During the opening ceremony of the 2018 Winter Olympics on Friday, Vice President Mike Pence was seated near North Korean delegate Kim Yo Jong, who is Kim Jong Un's sister.
The two did not speak, shake hands, or even appear to make eye contact.
At one point, while Pence was cheering, Kim Yo Jong briefly glanced at Pence.
...and some people decided she was giving him "deadly side-eye."
Some thought it was #relatable.
Some imagined she might secretly want to defect.
Even CNN wrote that the North Korean dictator's sister was "stealing the show" at the Olympics.
And the Washington Post had a tweet calling her the captivating "Ivanka Trump of North Korea."
But before you decide your fave new shade queen is a powerful North Korean official, let's talk about why you should probably not stan Kim Yo Jong!
1. She's believed to be part of the regime's Propaganda and Agitation Department...so she's prooooobably not trying to defect.
2. Speaking of family, Kim Jong Un is believed to have ordered the assassination of his own half brother, Kim Jong Nam.
3. The North Korean regime commits frequent public executions of its own citizens.
In 2015, a South Korean report said that between 2000 and 2013, almost 1,400 North Korean citizens were publicly executed, reportedly as a means to "keep the population in line."
Thousands of North Koreans were required to witness firing squad executions in public stadiums in 2013, according to a South Korean newspaper.
4. In fact, the North Korean regime actually enslaves many of its citizens.
Human rights campaigners with the European Alliance for Human Rights in North Korea say North Koreans have been sent abroad to work in jobs performing manual labor and have 90% of their pay sent back to the repressive state.
Amnesty International says more than 50,000 North Koreans have been sent to work in countries such as Angola, China, Kuwait, Qatar, and Russia. "Most workers were deprived of information about international or domestic labour laws and often lacked access in the host countries to any government agencies and other organizations monitoring compliance with or offering assistance in claiming labour rights," according to the human rights group.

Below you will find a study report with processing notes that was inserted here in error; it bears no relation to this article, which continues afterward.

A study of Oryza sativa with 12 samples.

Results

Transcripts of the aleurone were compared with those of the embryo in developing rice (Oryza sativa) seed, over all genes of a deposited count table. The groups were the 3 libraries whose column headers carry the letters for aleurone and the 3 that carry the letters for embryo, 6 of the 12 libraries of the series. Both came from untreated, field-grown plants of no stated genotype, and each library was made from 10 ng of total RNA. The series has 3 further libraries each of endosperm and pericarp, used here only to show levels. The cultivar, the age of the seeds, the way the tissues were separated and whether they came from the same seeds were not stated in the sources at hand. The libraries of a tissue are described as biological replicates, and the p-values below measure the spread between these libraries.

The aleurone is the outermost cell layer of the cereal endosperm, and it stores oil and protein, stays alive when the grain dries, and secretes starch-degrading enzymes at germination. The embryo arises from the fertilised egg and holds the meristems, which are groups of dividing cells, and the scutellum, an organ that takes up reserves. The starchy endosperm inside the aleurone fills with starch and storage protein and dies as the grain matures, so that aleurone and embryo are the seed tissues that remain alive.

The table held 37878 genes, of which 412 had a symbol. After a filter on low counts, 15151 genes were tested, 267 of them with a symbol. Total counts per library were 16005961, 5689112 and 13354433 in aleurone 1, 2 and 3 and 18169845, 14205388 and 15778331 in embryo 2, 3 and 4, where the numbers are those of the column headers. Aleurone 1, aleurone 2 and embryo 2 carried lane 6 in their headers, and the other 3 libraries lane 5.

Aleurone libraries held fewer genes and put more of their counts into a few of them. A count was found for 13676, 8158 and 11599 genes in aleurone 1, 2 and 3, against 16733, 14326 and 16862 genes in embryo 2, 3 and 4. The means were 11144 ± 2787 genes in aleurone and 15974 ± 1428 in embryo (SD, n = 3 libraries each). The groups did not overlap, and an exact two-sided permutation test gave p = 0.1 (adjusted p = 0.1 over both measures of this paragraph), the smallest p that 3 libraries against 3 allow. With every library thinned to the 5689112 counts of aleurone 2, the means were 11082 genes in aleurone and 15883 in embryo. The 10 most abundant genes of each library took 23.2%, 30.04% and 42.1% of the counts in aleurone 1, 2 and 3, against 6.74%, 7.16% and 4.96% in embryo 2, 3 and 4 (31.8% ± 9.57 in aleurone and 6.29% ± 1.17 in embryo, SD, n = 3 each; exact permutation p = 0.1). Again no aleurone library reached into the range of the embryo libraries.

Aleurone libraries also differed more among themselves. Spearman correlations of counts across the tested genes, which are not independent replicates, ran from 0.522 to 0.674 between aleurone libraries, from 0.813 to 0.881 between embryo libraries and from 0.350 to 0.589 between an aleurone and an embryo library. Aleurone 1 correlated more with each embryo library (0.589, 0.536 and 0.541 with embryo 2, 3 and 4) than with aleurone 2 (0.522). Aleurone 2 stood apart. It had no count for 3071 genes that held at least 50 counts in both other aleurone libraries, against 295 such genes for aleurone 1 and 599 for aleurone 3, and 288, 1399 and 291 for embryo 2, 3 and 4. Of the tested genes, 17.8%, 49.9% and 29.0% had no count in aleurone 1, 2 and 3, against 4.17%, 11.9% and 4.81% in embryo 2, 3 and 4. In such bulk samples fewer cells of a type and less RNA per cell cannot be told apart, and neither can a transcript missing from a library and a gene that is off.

5. The regime is one of the world's most repressive. It strips its citizens of all sorts of rights, including freedom of expression, freedom of information, and the freedom to move in and out of the country.
Almost all North Koreans are denied access to the internet, according to Amnesty, and they can be arrested and sent to prison camps if found with a smuggled mobile phone. International calls are also blocked.
"North Koreans are not only deprived of the chance to learn about the world outside, they are suppressed from telling the world about their almost complete denial of human rights,” said Arnold Fang, Amnesty's East Asia researcher.
Some people have even been detained for watching foreign soap operas.
6. Kim Yo Jong's family literally runs gulags.
A United Nations inspector in 2013 spoke of "unspeakable atrocities" inflicted on political prisoners in North Korean camps.
Michael Kirby, a former Australian High Court judge, told the UN his team had heard testimony from a man who had been imprisoned in North Korea from birth, eating lizards, rodents, and grass to survive. One woman was forced to drown her own baby in a bucket.
7. Her brother's regime has been blamed for the death of US college student Otto Warmbier.
8. She's part of a country that is, quite literally, threatening nuclear war against the US.
Have you not been paying attention to ANY news this past year? Her brother has explicitly said "the entire United States is within range of our nuclear weapons, a nuclear button is always on my desk." It's a whole thing.